Since the iPad was released, it’s been a premier tool for young children. Thanks to a wealth of preschool apps, durable case options, and familiar interface, it’s been popular for schools and parents alike.
About Making The Grade: Every Saturday, Bradley Chambers publishes a new article about Apple in education. He has been managing Apple devices in an education environment since 2009. Through his experience deploying and managing 100s of Macs and 100s of iPads, Bradley will highlight ways in which Apple’s products work at scale, stories from the trenches of IT management, and ways Apple could improve its products for students.
In January, I was able to begin testing the ANIMAL ISLAND Aila Sit & Play Virtual Early Preschool Learning System. After putting it through the paces with my kids during quarantine and the hot summer, I am ready to explain the benefits, downfalls, and potential use cases.
While raising three kids in the iPad-age, I have realized they love the engagement that the iPad offers with its touch screen. Instead of having to learn how to use a mouse and keyboard, kids can ‘touch’ what they want on the screen. On the flip side, it can often mean kids don’t learn patience to watch the content that is aimed at helping them learn. Parents who aren’t familiar with the best apps for education can often be overwhelming to know how to use technology to help kids get a head start on learning.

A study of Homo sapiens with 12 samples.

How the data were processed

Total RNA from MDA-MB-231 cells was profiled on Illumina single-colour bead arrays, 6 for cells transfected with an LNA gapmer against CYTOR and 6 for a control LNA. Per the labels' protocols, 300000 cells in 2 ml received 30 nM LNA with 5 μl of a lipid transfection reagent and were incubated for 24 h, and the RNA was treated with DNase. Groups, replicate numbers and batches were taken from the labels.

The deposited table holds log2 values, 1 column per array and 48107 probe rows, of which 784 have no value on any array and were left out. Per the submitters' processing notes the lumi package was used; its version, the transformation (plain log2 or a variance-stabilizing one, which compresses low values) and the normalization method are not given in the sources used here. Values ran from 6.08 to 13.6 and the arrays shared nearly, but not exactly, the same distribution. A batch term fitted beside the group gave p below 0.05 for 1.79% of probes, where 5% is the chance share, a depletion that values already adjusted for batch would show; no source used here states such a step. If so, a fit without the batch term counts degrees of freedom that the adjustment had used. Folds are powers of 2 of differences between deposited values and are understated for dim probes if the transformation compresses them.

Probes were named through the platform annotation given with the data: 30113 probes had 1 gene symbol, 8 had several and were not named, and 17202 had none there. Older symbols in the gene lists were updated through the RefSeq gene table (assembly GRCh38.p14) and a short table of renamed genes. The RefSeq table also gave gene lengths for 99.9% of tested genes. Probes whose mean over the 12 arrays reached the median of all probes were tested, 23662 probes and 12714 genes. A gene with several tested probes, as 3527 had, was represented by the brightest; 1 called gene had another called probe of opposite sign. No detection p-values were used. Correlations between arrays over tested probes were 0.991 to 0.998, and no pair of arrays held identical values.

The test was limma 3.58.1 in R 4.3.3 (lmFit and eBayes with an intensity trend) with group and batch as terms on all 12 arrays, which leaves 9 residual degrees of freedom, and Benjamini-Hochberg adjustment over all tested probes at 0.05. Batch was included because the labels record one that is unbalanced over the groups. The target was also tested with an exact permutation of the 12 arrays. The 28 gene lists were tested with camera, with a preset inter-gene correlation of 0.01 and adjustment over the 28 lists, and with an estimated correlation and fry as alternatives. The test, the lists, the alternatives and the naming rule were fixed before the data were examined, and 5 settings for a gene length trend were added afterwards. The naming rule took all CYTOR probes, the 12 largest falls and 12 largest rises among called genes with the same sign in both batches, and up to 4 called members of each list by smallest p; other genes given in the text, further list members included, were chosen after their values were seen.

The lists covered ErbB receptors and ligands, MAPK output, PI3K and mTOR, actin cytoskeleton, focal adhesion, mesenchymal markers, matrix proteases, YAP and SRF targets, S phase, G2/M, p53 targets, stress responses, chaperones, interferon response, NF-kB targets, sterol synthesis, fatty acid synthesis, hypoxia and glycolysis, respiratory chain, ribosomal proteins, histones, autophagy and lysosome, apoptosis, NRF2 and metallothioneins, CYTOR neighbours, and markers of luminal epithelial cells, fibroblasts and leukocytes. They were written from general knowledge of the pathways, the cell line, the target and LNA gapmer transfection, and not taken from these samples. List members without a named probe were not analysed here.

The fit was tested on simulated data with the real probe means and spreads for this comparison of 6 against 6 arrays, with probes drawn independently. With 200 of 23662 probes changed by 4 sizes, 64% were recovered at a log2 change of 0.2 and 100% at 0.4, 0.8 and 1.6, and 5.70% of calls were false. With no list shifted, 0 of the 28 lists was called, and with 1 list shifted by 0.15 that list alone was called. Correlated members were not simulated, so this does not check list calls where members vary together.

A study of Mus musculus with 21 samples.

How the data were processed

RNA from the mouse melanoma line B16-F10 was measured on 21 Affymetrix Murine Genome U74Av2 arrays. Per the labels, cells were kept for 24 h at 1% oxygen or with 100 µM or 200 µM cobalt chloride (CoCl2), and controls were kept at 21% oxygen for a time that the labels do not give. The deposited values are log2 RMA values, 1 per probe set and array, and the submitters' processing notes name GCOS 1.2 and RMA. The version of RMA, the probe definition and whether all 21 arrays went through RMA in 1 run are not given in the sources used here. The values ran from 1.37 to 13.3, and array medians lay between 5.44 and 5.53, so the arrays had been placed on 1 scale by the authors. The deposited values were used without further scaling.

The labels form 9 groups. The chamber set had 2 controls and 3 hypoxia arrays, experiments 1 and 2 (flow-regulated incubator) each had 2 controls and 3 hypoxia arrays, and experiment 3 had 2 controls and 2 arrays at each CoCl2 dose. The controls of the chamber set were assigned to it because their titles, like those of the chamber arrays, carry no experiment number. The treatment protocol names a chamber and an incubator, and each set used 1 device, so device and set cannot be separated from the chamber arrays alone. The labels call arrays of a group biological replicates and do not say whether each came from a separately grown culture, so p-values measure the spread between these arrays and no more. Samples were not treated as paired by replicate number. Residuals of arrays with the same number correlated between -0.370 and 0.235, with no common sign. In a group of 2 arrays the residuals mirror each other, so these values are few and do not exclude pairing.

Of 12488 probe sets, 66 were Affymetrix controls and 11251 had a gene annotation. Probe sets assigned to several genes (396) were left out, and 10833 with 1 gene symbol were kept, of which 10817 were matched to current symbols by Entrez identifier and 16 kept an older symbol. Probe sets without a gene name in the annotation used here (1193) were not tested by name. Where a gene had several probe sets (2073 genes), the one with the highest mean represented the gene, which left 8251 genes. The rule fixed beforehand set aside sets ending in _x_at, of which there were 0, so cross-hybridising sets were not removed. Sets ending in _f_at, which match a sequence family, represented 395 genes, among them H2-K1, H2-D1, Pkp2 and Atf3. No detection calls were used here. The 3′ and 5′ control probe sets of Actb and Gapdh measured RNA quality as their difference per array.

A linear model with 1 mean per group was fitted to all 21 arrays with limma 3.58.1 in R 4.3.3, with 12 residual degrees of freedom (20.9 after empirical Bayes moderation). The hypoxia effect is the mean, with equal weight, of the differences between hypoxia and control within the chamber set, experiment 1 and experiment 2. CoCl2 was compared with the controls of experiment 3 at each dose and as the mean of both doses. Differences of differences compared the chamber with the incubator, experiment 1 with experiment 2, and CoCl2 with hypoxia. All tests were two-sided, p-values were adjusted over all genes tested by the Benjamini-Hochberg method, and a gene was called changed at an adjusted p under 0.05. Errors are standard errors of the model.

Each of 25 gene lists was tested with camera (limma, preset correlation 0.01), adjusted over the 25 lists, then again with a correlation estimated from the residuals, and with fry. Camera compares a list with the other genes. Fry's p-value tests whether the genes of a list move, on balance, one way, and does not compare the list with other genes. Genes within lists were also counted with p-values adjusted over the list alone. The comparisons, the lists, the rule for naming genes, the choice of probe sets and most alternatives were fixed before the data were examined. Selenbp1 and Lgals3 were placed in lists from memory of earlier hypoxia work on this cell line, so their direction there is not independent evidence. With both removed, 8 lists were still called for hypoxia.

What I like about the product is how it’s parent and kid-proof. It’s a small Android tablet wrapped inside a hardware stand at the core, but it’s not just an app on an Android device. It’s a customized learning platform for kids than can be hands-off for parents. They don’t have to worry kids are getting into anything they shouldn’t, learning how to lock down the device so they can’t break it, etc.